Turning 40 means it’s not too late. It means that it’s not too late to take a community inventory and decide to change course– to point the ship in the direction we always intended to go – to correct the errors of a focus on making more money, or offering better amenities, or being different from what we are.
I know a little bit about turning 40. The Tram is slightly older than I, but my next birthday is something I think about. I understand that it has to do with unmet goals, but it is also about going back to basics and just doing what feels right, what has always felt right, instead of worrying about what sounds good or looks good.
Roosevelt Island and I have a lot in common.
Roosevelt Island has never been cool. It’s Manhattan’s other Island. The appeal of Roosevelt Island was never amenities in the swanky apartment sense. It was always (supposed to be) about the community and each other and the open space and the kids and families and diversity and seniors and the disabled, all co-existing. The plan was that we’d all garden together, RIRA together, go to the Main Street Theatre to see shows together, and enjoy Island-wide festivities like Roosevelt Island Day together. But we started believing the hype. As a result, we almost lost our Tram a couple of times, and we have let the developers win way too many times. It is not too late to take some time to meditate on what our priorities have always been and remind ourselves that community is both a practice and a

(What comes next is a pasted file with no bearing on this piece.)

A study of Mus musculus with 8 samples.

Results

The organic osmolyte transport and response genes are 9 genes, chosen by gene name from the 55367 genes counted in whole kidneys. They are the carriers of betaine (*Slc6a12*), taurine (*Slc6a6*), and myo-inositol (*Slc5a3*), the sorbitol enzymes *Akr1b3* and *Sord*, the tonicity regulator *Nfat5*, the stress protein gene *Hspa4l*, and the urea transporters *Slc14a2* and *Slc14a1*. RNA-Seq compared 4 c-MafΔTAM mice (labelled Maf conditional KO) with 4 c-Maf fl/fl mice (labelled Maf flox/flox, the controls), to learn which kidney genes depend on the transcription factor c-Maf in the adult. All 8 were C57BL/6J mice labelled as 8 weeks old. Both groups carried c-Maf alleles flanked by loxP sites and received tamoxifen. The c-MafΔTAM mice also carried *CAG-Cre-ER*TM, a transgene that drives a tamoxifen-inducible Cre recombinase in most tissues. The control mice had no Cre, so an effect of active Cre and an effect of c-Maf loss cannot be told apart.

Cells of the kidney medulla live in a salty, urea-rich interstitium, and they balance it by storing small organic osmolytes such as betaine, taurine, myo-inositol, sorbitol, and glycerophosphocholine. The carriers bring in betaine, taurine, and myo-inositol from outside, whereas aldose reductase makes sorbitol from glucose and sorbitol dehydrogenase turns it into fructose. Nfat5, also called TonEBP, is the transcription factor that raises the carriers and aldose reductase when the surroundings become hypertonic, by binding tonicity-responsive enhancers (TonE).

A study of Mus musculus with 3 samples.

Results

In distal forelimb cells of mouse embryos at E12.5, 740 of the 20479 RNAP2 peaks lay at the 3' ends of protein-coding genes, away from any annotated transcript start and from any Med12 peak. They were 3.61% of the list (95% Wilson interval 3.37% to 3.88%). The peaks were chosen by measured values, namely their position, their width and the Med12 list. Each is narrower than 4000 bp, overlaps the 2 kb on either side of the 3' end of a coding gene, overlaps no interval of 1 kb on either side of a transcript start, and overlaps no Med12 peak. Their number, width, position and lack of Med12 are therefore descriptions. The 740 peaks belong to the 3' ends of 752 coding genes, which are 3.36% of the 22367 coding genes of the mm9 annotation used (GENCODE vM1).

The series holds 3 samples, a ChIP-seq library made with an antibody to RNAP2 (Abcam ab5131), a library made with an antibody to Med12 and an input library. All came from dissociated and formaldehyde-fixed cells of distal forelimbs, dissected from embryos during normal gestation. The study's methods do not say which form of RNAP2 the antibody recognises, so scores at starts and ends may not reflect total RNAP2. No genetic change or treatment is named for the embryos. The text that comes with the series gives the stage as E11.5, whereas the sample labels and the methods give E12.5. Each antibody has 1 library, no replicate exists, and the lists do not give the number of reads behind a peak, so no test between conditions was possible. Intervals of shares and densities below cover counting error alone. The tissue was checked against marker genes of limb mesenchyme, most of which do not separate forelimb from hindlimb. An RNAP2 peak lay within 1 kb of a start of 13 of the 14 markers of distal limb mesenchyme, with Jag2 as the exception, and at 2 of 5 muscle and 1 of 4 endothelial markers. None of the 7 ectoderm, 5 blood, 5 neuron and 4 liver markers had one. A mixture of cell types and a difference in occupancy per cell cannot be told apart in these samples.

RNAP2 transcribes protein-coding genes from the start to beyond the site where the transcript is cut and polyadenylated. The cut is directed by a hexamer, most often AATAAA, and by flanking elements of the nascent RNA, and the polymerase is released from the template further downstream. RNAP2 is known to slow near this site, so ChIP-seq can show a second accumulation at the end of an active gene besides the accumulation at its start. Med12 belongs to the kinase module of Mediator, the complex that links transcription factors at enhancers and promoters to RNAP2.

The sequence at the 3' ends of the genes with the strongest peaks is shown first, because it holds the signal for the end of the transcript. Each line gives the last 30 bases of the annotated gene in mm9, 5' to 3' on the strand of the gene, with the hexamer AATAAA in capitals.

goal. It cannot be bought. It is a choice we can make every day.
One important thing about 40 is the gravitas that comes with the age. You’ve made it this far, you obviously know something about something. The General Development Plan may have seemed naïve in 1976, and maybe even in 1986. But Islanders have learned a lot in these past 40 years. Somewhere between our goals and the lessons our experience has taught us lies the path to our future. Let’s take that future back.